In the crackdown, nearly 100 website domains were seized by the FDA and partnered law enforcement.
Partnered with multiple international law enforcement agencies, the US Food and Drug Administration (FDA) has taken action against upwards of 500 websites illegally selling unapproved knockoff medicines.
The unapproved medicines included opioids, antibiotics, and injectable epinephrine products, according to an FDA statement.
“These rogue online pharmacies are often run by sophisticated criminal networks that knowingly and unlawfully distribute illicit drugs, including counterfeit medicines and controlled substances. Consumers go to these websites believing that they are buying safe and effective medications, but they are being deceived and put at risk by individuals who put financial gains above patient safety,” FDA Commissioner Scott Gottlieb (pictured), MD, said in the statement.
The Administration echoed the words of its commissioner, warning that customers who purchase these products online from illegal pharmacies may be facing health risks due to the risk of buying counterfeit, contaminated, and expired medications.
The massive crackdown was part of a wider, global operation targeting illegal drugs being sold online and distributed through the postal system, right to consumers. The FDA reportedly issued warning letters to many of these websites’ operators in addition to working with internet registrars to confiscate domains.
The effort was part of Operation Pangea X, part of the 10th annual International Internet Week of Action (IIWA), led by Interpol. Pangea X sought to identify makers and distributors of illegal prescription drugs to forward the efforts to remove them from their supply chains.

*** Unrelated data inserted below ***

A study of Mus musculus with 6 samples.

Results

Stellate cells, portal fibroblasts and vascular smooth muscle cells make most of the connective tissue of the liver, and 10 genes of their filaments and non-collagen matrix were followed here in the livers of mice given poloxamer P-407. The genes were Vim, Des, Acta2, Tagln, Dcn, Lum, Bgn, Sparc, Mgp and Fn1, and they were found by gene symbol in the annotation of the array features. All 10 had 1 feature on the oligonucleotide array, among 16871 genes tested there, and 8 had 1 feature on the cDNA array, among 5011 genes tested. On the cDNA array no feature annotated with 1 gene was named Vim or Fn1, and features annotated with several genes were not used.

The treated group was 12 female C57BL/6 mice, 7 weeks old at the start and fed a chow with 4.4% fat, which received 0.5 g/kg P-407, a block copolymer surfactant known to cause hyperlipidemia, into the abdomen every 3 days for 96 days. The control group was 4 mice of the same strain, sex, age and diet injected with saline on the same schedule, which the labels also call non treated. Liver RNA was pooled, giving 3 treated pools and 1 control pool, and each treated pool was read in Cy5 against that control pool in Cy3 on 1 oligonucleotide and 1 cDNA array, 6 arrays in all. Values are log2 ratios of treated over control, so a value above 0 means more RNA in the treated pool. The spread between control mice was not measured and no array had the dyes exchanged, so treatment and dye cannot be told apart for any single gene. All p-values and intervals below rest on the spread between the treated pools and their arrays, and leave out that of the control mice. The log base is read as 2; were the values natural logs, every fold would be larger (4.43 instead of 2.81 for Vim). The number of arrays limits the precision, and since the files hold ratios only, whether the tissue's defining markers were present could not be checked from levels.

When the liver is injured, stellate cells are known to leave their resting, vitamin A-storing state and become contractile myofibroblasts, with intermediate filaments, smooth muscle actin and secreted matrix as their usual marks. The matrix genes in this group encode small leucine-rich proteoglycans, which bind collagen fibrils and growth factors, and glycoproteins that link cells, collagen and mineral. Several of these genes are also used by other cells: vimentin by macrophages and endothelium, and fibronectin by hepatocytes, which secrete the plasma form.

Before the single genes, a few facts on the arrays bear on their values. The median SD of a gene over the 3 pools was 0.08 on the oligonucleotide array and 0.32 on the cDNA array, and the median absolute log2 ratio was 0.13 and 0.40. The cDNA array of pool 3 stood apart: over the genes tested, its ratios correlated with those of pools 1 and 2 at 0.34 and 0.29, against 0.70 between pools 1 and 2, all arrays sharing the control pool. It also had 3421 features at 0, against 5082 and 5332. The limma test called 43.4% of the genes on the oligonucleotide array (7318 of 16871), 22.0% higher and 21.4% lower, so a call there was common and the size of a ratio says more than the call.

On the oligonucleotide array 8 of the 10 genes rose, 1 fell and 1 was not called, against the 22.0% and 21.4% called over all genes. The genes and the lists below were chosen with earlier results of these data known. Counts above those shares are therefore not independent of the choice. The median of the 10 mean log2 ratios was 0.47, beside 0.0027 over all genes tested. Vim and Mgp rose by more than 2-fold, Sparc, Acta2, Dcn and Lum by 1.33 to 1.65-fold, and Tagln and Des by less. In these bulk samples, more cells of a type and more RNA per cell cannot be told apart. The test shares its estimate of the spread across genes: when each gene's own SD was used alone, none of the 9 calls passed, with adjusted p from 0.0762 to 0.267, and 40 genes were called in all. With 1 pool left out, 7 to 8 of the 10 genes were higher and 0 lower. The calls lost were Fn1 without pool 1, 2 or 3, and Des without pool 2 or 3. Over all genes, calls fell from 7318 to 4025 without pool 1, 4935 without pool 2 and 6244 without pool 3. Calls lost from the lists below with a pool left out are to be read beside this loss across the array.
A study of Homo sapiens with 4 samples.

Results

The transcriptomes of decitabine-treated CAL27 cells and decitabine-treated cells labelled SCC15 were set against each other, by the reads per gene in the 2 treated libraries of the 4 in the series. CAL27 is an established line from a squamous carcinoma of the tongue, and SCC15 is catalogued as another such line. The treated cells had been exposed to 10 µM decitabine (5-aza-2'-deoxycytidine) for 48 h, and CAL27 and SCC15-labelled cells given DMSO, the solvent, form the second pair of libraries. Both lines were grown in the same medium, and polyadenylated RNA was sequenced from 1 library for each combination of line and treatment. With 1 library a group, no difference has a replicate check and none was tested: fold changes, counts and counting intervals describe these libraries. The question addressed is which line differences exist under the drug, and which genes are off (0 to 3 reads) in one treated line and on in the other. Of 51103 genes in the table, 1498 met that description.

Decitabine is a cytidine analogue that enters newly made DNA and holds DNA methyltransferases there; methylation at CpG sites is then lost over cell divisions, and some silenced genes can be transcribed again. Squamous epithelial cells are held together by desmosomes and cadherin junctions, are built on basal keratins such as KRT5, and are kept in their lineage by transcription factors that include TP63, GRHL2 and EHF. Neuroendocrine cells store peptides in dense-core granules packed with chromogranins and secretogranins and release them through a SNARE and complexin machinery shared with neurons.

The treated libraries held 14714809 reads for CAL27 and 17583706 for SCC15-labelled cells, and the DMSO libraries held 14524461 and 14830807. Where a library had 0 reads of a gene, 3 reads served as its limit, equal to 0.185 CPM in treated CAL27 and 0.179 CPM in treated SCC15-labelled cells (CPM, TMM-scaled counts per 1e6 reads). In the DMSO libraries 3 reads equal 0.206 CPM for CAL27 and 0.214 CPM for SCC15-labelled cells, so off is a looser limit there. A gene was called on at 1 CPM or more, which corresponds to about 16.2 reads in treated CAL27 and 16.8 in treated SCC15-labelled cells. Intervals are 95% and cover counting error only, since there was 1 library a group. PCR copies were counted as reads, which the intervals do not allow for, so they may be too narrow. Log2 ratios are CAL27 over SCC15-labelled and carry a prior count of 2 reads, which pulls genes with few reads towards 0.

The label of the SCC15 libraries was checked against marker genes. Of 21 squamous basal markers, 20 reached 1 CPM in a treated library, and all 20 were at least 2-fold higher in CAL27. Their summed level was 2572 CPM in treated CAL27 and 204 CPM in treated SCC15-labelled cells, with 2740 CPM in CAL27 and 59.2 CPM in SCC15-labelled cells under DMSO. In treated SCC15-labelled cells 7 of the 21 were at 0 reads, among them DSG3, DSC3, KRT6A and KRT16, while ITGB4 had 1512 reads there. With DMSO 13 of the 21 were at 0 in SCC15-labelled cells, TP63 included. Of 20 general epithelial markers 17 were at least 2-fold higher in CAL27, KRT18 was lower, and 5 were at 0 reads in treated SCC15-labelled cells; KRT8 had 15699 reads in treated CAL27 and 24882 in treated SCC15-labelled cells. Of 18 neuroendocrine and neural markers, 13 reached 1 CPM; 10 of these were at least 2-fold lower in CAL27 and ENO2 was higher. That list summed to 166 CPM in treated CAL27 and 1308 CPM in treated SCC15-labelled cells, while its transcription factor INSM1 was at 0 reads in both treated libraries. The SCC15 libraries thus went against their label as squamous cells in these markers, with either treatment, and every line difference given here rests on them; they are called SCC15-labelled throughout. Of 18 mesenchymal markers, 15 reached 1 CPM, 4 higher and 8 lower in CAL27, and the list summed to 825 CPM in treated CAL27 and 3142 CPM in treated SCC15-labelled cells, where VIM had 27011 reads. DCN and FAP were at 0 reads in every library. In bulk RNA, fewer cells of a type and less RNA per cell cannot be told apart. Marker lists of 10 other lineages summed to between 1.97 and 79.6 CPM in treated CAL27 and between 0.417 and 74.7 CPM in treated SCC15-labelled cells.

Additionally, Gottlieb stated his concern that these illicit pharmacies may be aiding the impending opioid crisis faced by the United States.
“Some of the websites sold unapproved versions of multiple prescription opioids directly to U.S. consumers. This easy and illegal availability of these controlled substances fuels the misuse and abuse of opioids,” Gottlieb continued. “As part of a broader effort to target this illegal activity, in addition to the operation that we are announcing today, the FDA is also working on a comprehensive Enforcement Operations Work Plan that’s focused on combating the sale of foreign unapproved drugs to U.S. consumers and aimed at increasing the scope of our operations related to these risks.”
Nearly 100 website domains were seized by the FDA, including buyhydrocodoneonline.com, canadian-pharmacy24x7.com and buyklonopin.com, while 13 warning letters were issued to 401 website operators. Almost 500 parcels were detained during screenings for illicit prescription drugs from International Mail Facilities (IMFs) in Chicago, Miami, and New York.
“The FDA is proud to partner with our international counterparts on this important operation,” Commissioner Gottlieb said. “However, our work to fight illegal online pharmacies is not over. In addition to the multifaceted work plan we will soon unveil, we’ve recently tripled the staff we have in the IMFs to improve our ability to inspect packages that are suspected of containing illegal drugs, and we have doubled the number of cybercrime and port of entry special agents for the Office of Criminal Investigations. These efforts are part of a much broader work plan that the FDA is developing aimed at beefing up our efforts to interdict illegal drugs.”
The FDA is providing consumers the information required to identify these illegal pharmacies at BeSafeRx: Know Your Online Pharmacy.
Report suspected criminal activity to the FDA’s Office of Criminal Investigation.